A big, bad Chicago Bear occupies space in the Murnanes' Green Oaks home.
He blocks nearly an entire wall.
The Murnanes -- proud Bears fans -- are proud of their pro.
After all, those Fatheads are darn cool. And, well, fat. A Brian Urlacher Fathead is almost Fat Albert in size.
The giant wall sticker of Urlacher is about the same size of the Bears' Pro Bowl middle linebacker (6-feet-4, 258 pounds).
Bears posters and banners and an Urlacher Fathead can be found at the Murnanes'.
"I hope he doesn't come over and see it in my room," Carmel Catholic graduate Sean Murnane said with a laugh in Bourbonnais on Saturday, after completing his first practice as a Bear, on the Bears' first practice of 2011. "It'd be kind of embarrassing."
Murnane should be only proud these days.
A December graduate of Central Michigan University, where he was a three-year starting defensive lineman and earned a degree in marketing, the 6-1, 275-pounder signed a contract with the Bears as a non-drafted free agent last week.
His stay was brief, however. The Bears released Murnane on Monday, but not before he got a small taste of life as an NFL player -- and got to say, for a couple of days anyway, he was a teammate of Urlacher, whom he called a childhood hero.
Murnane had impressed the Bears during a workout at Halas Hall enough for them to contact him once the league lockout ended after four months.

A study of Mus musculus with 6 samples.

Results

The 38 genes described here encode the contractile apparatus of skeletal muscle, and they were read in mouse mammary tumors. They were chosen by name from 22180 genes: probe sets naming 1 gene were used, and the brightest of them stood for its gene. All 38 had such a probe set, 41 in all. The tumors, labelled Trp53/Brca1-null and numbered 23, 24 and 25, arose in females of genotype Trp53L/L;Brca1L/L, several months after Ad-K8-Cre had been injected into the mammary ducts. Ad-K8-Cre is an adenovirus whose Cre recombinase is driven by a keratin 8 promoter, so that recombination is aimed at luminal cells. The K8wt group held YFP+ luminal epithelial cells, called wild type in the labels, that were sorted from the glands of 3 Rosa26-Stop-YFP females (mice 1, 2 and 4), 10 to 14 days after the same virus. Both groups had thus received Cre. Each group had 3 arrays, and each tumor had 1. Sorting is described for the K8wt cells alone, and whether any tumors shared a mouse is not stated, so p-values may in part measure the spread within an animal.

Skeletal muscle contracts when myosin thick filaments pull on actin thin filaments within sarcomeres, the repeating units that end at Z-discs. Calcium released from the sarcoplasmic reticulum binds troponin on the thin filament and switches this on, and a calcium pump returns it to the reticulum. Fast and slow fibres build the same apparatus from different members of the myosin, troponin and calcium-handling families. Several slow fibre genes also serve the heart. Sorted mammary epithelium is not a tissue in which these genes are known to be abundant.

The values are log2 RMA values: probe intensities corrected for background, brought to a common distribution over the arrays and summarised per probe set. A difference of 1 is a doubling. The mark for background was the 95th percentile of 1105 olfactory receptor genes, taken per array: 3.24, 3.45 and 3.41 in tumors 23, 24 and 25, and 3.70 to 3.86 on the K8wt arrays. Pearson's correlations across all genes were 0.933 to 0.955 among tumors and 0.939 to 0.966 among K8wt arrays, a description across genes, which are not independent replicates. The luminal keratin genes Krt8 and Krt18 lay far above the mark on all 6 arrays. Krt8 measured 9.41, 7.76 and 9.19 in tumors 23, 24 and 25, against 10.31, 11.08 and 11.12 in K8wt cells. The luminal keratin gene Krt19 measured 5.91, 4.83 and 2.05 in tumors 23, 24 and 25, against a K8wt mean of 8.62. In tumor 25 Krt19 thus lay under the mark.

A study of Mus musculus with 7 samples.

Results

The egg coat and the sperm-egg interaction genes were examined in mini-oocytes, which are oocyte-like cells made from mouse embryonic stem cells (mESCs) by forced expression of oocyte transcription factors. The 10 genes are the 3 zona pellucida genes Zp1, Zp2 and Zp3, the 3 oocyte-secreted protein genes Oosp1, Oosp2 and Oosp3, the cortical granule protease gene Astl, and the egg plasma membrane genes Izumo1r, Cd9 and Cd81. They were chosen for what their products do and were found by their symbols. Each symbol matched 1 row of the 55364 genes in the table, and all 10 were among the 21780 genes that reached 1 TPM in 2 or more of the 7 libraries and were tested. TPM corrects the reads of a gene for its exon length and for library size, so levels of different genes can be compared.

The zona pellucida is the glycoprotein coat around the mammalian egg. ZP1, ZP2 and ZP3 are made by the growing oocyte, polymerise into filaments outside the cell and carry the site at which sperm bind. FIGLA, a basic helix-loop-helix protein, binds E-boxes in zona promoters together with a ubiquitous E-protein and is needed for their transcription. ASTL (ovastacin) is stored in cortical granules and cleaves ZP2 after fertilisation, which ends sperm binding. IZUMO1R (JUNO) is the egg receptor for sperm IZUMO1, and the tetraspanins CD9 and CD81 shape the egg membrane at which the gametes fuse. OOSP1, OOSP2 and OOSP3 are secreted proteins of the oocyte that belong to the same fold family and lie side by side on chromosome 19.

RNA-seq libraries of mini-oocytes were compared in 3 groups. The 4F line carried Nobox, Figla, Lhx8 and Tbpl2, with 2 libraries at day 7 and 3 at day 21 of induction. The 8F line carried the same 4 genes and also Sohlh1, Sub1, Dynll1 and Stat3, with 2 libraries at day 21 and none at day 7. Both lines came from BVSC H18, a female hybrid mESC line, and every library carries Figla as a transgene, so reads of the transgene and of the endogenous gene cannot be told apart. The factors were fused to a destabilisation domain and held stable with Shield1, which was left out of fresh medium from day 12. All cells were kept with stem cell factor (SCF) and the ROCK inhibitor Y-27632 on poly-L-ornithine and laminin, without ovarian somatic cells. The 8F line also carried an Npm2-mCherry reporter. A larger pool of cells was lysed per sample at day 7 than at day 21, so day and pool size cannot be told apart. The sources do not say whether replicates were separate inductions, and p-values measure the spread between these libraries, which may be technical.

"They really liked my workout, and I liked their coaching staff, their philosophy and what they run," Murnane said. "I decided they'd be the best fit for me to have a chance to have some fun and play some football."
Murnane was an all-state defensive end for Carmel in 2005 and a three-year varsity starter. As a senior, he earned a spot on the Daily Herald All-Area team, which also included Indianapolis Colts first-round draft pick Anthony Castonzo (Lake Zurich) and Cincinnati Bengals non-drafted free agent signee Chris Riley (Warren).
At Central Michigan, Murnane was an all-Mid-American Conference third team selection three years in a row. He wrapped up his career, after four years of wrapping up ballcarriers, by notching sacks against Northwestern and Northern Illinois and finishing second on the Chippewas in tackles for loss with nine. Better yet, he was also named academic All-MAC and made the CoSIDA/ESPN Academic All-District IV first team.
On his first day wearing a Bears helmet and No. 70 practice jersey and shorts, both his brain and brawn were challenged.
"It was tough," Murnane said as he walked off Olivet Nazarene University's practice field on a sunny day when the temperature soared into the 90s. "The individual (one-on-one work) was the hardest part. The whole D-line and just the tempo -- the heat -- was tough. I've learned a ton already."
Learning is something Murnane seems to relish as much as he does penetrating offensive backfields and stuffing runs.
"I'm trying to earn a job," the rookie said. "It's great to see those (veteran players') success and see how hard they're working. I'm just trying to hold my own and compete. They're working their butt off."
Murnane did, too. And he likely won't forget his brief time as Brian Urlacher's teammate.